Even before the Connecticut Supreme Court’s ruling this morning mandating gay marriage, I had begun to think that the prospects for defeating Proposition 8 were becoming increasingly bleak. The ad that I once though was so bad it would cause swing voters to oppose the initiative seems to have had the opposite effect.
A big reason [for new poll numbers favoring 8] appears to be a promotional effort by the National Organization for Marriage that reminds voters that a previous 2000 ballot initiative had been supported by 61% of voters but was overturned by “four activist judges” last May. The ad campaign also emphasizes the heavy-handed approach used by same-sex marriage supporters. One ad features San Francisco Mayor Gavin Newsom saying same-sex marriage is here “whether you like it or not.”
Referendums are notoriously difficult to poll, and the numbers are likely to remain volatile. But the “take it or leave it” attitude of the State Supreme Court, as well as Attorney General Brown and Mayor Newsom, seems to have handed Prop. 8’s supporters a powerful rhetoric weapon. Mr. Brown wanted voters to interpret the proposition as taking something away. NOM’s new campaign argues that what was really taken away is Californians’ right to vote for policies they support.
Having watched the ad repeatedly, I have come to agree with his assessment. As I rarely watch TV at home, I first saw the ad while doing cardio at the gym. Without sound, it looks like a late-night television commercial hawking something some lonely man invented in his basement. That’s why I thought it wouldn’t help the “Yes” campaign.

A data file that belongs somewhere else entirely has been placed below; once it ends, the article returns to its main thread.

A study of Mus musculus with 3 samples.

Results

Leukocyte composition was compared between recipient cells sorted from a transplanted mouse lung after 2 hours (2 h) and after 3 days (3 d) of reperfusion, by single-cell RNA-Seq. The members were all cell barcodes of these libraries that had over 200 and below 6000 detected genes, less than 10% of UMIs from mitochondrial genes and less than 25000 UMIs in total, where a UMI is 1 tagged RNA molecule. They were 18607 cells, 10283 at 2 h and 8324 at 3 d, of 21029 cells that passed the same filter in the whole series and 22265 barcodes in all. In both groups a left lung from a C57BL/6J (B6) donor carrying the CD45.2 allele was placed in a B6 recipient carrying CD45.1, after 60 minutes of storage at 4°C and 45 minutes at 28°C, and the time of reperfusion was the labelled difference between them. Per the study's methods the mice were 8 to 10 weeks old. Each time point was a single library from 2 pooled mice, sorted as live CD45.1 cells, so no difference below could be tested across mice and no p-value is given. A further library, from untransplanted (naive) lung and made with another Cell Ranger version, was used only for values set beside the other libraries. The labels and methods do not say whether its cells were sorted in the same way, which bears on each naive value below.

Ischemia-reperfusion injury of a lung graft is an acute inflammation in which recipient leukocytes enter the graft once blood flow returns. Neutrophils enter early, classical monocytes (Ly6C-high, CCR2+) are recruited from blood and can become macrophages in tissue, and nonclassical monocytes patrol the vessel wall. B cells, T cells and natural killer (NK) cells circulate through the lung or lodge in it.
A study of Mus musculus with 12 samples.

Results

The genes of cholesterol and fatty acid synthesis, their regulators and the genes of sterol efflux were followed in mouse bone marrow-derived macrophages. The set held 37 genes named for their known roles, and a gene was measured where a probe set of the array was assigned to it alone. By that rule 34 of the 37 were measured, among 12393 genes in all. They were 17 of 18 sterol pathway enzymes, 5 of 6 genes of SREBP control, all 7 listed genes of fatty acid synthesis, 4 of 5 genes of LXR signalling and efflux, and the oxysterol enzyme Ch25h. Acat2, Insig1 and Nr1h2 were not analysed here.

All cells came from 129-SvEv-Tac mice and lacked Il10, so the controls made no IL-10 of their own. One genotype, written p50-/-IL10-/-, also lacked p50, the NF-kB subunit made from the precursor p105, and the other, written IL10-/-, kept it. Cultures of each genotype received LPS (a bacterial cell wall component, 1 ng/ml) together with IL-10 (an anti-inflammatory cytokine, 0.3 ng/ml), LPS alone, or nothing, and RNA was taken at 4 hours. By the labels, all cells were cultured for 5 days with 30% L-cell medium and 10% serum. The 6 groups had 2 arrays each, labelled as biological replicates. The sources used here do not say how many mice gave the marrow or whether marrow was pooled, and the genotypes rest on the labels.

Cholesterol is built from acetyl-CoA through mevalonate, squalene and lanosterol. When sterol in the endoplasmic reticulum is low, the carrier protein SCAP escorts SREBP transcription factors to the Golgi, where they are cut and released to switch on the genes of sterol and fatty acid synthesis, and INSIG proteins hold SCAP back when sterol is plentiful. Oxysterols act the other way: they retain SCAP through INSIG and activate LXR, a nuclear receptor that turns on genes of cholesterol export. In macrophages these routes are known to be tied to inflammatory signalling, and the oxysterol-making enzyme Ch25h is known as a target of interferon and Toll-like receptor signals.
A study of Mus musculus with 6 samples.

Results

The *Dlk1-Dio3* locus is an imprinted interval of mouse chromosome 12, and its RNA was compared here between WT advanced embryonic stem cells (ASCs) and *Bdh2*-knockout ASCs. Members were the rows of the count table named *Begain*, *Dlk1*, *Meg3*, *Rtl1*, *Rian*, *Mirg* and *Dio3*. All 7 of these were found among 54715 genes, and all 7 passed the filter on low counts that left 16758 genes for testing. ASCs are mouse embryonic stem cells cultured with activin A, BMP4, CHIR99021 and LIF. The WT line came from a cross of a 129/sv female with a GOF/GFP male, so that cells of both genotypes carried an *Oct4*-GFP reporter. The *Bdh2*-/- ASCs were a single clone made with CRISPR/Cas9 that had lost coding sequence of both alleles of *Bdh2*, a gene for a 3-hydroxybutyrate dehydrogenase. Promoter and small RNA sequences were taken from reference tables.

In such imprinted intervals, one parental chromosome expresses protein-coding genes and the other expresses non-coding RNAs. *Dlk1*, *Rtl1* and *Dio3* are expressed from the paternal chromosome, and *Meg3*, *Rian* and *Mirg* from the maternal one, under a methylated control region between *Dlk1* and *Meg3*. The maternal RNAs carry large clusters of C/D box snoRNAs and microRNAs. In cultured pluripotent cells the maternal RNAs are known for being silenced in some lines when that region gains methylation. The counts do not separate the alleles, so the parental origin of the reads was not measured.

But, most people who watch TV heard those words. The repetition of San Francisco Mayor Gavin Newsom’s exclamation that gay marriage would happen “whether you like it or not” combined with the inclusion of the line that “four judges ignored four million voters” makes it appear that the initiative merely restrains an overzealous judiciary and restores sovereignty to the people.
People don’t like courts resolving controversial social issues.
The task now for the “No” force is to come up with ads which focus on the choice this initiative offers us.Â Proposition 8 gives us, the voters of California, the choice to determine the state’s standard for civil marriage. By voting “no,” we get to have our say.
They need to junk this “equality” talk (as it assumes state mandates equality of result) and focus on freedom.
I don’t think the new “No on 8” ad which takes on the “Yes” ad will accomplish those goals:
If I didn’t know who had proposed the ad, I wouldn’t know who the ad’s producers were referencing when they referenced “their attacks” and the “they” behind those attacks. They need to be more specific from the outset.Â I’m not quite sure how I would do the ad, but I would focus on the issue of choice.
I might begin by addressing the “Yes” ad, then say, “Well, they’re wrong. Voting “No” on 8 won’t effect church status or teaching in schools, instead it will allow all couples the choice to seek state recognition of their civil marriages. Of course, you’d need wording a little more catchy.
The one thing I do like about the ad is its tag at the end, “Keep government out of all of our lives.” Wish we could tell that to the folks in Sacramento as well as Washington.